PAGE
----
Why are we so violent?

Editorial

IT is frightening to hear from the House Ruth Crisis Centre, in Port Moresby, that at least 40 women and children a month flee their homes because of sorcery-related violence and incest by stepfathers and uncles involving children as young as nine years.
That’s too many and too frightening.
Those at the centre can see that by the rising flood of women and children seeking their help the cases of incest and sorcery-related accusations and violence have increased so much in the past decade.
Mostly, adults seeking refuge at the centre are aged between 20 and 45 years and they tell the same stories of violence through sexual assaults, jealousy, rape and other forms of domestic violence.
The centre also gets high school teenagers escaping violence at home. More cases go unreported and unknown. Many even die without the authorities knowing.
Even though we have seen cases of the authorities and the courts raising the issues of sexual, domestic and sorcery-related violence, the tide continues to rise and our women and children stay vulnerable to attack and abuse.
What should we do as a nation? It is time to get tougher and ensure the perpetrators are brought before the courts to be prosecuted and, if convicted, are punished to the fullest extent of the law.
Everyone has the duty to protect the vulnerable and everyone should hold accountable those who perpetrate violence against women and children, but we have embolden abusive men by our lack of action.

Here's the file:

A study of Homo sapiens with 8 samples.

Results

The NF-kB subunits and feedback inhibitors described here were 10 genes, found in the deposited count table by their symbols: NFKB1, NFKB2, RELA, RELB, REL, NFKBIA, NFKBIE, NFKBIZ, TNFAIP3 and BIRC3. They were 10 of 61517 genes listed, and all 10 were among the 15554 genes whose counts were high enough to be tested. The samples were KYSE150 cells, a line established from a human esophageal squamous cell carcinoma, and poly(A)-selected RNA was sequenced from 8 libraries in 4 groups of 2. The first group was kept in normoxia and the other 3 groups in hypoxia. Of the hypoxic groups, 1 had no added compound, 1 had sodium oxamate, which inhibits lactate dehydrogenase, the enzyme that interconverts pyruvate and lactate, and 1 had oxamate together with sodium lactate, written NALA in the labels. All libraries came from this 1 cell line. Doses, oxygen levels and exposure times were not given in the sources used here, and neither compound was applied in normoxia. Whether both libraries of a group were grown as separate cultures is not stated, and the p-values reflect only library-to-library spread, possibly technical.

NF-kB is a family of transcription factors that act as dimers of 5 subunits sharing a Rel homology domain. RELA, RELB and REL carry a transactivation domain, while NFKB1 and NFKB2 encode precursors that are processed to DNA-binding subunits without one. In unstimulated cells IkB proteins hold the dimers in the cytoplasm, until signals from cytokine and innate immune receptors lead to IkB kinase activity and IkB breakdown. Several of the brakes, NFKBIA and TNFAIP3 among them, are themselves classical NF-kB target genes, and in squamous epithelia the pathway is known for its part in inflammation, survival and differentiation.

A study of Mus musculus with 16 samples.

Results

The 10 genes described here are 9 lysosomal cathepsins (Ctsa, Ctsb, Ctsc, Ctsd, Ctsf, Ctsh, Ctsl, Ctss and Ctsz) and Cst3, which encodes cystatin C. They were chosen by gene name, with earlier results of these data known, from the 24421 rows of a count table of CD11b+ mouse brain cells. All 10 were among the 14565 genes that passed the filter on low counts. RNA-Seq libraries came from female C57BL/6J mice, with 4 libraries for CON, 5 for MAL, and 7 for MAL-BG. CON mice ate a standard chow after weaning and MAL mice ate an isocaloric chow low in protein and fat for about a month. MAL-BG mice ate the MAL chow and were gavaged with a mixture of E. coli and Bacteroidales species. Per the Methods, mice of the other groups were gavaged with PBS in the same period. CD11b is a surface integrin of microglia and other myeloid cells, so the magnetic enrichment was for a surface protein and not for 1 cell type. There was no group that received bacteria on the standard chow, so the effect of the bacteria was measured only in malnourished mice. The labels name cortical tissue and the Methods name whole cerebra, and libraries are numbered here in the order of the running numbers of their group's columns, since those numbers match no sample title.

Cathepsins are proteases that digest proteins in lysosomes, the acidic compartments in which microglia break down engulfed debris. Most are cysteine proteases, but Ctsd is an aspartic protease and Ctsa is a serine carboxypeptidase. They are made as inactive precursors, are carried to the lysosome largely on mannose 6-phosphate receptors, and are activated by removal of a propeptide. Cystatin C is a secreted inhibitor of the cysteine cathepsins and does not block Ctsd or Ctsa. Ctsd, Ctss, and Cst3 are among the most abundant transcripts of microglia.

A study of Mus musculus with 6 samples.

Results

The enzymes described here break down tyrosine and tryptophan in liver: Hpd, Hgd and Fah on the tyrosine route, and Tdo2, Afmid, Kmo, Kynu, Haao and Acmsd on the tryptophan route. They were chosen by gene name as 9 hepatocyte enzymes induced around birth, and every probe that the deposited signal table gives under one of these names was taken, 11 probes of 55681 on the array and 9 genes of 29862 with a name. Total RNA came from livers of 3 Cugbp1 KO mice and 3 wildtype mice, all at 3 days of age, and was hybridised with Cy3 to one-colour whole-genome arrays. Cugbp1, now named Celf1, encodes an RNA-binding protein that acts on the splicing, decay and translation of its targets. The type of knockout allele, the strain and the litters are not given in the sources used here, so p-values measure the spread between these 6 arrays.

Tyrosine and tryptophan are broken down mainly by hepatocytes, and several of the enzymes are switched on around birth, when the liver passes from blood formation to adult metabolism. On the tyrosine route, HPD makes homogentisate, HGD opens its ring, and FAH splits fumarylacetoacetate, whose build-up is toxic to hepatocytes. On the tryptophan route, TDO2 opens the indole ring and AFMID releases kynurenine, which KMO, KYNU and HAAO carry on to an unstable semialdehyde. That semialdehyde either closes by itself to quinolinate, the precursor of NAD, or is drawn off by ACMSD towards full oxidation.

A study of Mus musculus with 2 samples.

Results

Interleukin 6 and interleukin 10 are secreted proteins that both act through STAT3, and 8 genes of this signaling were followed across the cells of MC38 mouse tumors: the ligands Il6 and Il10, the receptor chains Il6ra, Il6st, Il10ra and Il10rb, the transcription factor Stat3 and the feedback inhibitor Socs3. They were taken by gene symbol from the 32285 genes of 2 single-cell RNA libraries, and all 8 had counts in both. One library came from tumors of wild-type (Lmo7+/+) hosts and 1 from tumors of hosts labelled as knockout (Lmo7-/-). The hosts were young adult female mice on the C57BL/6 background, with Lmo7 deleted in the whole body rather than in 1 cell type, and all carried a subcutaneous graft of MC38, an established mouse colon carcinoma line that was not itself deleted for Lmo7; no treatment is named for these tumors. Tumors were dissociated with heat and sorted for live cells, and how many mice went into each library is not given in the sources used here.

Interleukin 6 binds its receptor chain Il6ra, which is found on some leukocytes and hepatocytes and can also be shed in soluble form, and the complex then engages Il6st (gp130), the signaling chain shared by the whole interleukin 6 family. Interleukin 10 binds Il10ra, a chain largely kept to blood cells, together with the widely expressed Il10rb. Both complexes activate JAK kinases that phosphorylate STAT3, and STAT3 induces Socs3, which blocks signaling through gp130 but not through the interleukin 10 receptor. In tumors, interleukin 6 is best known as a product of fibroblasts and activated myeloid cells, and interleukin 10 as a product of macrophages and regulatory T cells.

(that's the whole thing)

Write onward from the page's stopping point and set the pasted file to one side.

Not too long ago we saw the case of a six-year-old girl being tortured by a lynch mob simply because she was the child of a woman who was falsely accused of sorcery and then killed. To continue to say that sorcery and the way we deal with it is part of our cultural belief system is uncivilised and not Christian.
Yes, it is not easy to deal with it, especially out in the remote villages where there is a lack of exposure to modern thinking, but our leaders should step up to the mark and help educated our people of the evils of their ways.
We have to empower and transform people for attitudes to change. Culture is fluid and can change, but only if we can provide the education and environment that can help people move towards that path.
There is a need for collaboration to ensure all the machinery of the Government, NGOs and society in general are geared towards this goal. Remember that a society that does not protect the vulnerable, children, the aged, the handicapped and the poor is a failed society.
Action has to start with prevention.
Violence against women and girls is a serious violation of human rights. Its impact ranges from immediate to long-term multiple physical, sexual and mental consequences for women and girls, including death.
Violence not only has negative consequences for women but also their families, the community and the country at large.
There are many faceless and nameless women who face violence daily in their home and community. Some speak up, but most bury their voice in fear, for to speak out can have fatal consequences, and survival is a long and complicated journey.
How can we remain silent when we continue to see how violent we have become towards women and children?
Courage alone is not enough. Women and children need to see and feel the support of their families, communities and government to be able to find the confidence to stand up and say, Me Too.